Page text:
No argument here, my friend
Hey, I'm in complete agreement with you on this point. My proposal of the "A99" was an attempt to point this out. Based on the proposed Minolta 9D-prototype, the "A99" would compete toe-to-toe with the likes of the Canon EOS 1Ds MkII or EOS 1D MkII.
Will SONY deliver on the Minolta-promise? Gosh, I would hope so ... otherwise sell the prototype to someone who will. We're all waiting. :cool:
EDIT: (3/1/2007) The SONY "Flagship" is currently in the works and will be a pro-level model, perhaps even full-frame. Canon collectively gasps.
Take a look!
I hope this helps in your thinking ...
While these AF lenses will work with the SONY, I believe you will note that they are rather slow in autofocus. Your image clarity may also suffer, because digital lenses and film lenses are a little different, in the way the image is presented to the two different media (Sensor vs film). As a "starting point", they may be fine, but you get shooting, will soon notice (as others have) that you will want more out of the lenses or they are simply not performing to your ... expectations.
Originally Posted by rengstrom
Comparison: The best idea I've been able to come up with concerning the quality difference between digital lenses and film lenses is to simply see it for yourself. This does two things:
- You can reset your expectations of your existing lensing for future photographs
- You get a great chance to explore methods of improving your shots through upgrading your glass ... or if a glass-upgrade is even warranted. (You may be happy with what you are getting :rolleyes: )
If you can get to the camera store, that carries TAMRON lenses, take your older lenses in and do a side-by-side shoot with comparible lenses.
The TAMRON AF28-105 f/4-5.6 might be best replaced by the TAMRON SP AF17-50mm f/2.8 XR Di-II LD Aspherical (IF). With the SONY's 1.5x digital cropping factor (DCF), the 17-50mm becomes effectively 28-75mm. That's usually plenty for walking around. You still get your wide angle and good range.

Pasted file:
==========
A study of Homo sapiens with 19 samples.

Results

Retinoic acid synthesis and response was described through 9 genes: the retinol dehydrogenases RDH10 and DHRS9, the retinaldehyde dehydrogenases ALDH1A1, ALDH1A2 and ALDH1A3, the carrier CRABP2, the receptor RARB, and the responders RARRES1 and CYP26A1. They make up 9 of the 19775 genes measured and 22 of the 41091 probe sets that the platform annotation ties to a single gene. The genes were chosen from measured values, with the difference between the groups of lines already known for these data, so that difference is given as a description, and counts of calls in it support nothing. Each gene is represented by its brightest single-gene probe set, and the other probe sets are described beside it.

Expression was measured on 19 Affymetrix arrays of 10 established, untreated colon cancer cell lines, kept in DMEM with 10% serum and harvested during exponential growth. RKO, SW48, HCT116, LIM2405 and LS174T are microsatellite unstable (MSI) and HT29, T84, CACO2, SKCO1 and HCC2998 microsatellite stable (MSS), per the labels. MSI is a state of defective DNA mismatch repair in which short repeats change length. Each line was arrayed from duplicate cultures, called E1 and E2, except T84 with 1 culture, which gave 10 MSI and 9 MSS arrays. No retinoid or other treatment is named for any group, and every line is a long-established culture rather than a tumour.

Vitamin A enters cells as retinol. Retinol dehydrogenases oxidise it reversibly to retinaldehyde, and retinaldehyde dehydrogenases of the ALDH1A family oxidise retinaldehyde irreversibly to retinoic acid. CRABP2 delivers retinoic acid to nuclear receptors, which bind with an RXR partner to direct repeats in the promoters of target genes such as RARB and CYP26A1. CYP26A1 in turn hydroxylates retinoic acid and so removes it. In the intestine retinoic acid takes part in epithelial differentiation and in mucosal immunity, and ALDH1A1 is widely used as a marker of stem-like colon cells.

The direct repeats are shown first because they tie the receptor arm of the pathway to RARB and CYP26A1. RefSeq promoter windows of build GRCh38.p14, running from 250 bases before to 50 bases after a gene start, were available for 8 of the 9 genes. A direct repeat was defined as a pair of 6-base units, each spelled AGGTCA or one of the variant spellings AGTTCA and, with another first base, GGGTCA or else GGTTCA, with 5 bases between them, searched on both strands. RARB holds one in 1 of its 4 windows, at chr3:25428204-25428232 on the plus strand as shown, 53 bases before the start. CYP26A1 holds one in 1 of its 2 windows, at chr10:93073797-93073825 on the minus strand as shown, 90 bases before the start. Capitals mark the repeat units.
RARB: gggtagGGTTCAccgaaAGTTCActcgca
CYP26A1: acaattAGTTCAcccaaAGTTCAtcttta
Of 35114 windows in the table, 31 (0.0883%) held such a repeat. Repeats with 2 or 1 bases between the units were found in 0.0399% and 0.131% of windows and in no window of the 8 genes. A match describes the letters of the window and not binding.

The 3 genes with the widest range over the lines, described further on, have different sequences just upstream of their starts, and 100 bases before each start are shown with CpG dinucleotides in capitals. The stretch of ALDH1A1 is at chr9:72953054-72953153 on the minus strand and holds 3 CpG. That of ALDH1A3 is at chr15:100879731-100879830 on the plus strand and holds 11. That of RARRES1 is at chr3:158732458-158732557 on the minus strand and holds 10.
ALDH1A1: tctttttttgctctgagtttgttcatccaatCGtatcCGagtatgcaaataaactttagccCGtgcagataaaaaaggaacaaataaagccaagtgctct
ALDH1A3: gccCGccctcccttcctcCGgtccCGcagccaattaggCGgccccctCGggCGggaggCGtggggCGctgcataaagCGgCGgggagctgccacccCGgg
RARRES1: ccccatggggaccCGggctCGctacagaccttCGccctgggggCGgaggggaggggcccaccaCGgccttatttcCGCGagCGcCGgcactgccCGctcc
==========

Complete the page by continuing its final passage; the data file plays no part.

The TAMRON AF70-300 f/4-5.6 LD might best be replaced by the new TAMRON SP AF70-200mm f/2.8 Di LD (IF) due out this year. It's not quite ready for distribution, yet ... so in the meantime, you may want to consider the SIGMA APO 70-200mm f/2.8 EX DG MACRO HSM. Once again, with the SONY 1.5x DCF, your lens effectively becomes 105-300mm.
- The first thing you'll notice with the new glass is the speed of focal lock you will enjoy.
- The second is the much sharper overall image you'll have.
- Finally, with f/2.8 lenses on your camera, your low-light capability with the in-body IS will be rather impressive.
Noteworthy: f/4-5.6 zooms tend to suffer indoors, without an external flash or more (studio lighting, etc), due to shutter-speed constraints. The in-body IS of the A100 will forgive some of this, if you steady-up a bit, but f/2.8 is the real solution - or at the very least, a tripod.
The costs involved in the upgrade-glass is quite nominal (almost 1/2 the cost) compared to what it would cost to do it with Canon-glass.
Can you really have it all ... with only the manufacturer?
Well, in the recent year, I have been busily putting together a system that should provide "the basics." And while this doesn't include every lens you can imagine, it does cover a number of bases.
To be realistic, though, a lot of people start off with one major lens and then eventually pick up a "better" lens later on. It was what I personally did with my Canon EOS 20D system.
When considering the SONY, I had no idea that SONY would be so highly-priced with their glass. I had hoped for some reasonable level, but as long as people will pay these ghastly prices, we are stuck with them. Third-party glass seems even more reasonable than before and hopefully, as the demand increases ... the prices might drop in order for the SONY lenses in order to sell the "rebadged" goodies they got from Minolta. The lenses are already two-years old and they are not getting any younger.
Guess the wait begins. :rolleyes: C'mon SONY, let's sell some glass!
EDIT: Well, prayers eventually get answered, I guess. The SONY 70-200mm f/2.8 G dropped in price by $400 and B&H Photo has it for $1899. Still not great, but definitely moving in the correct direction.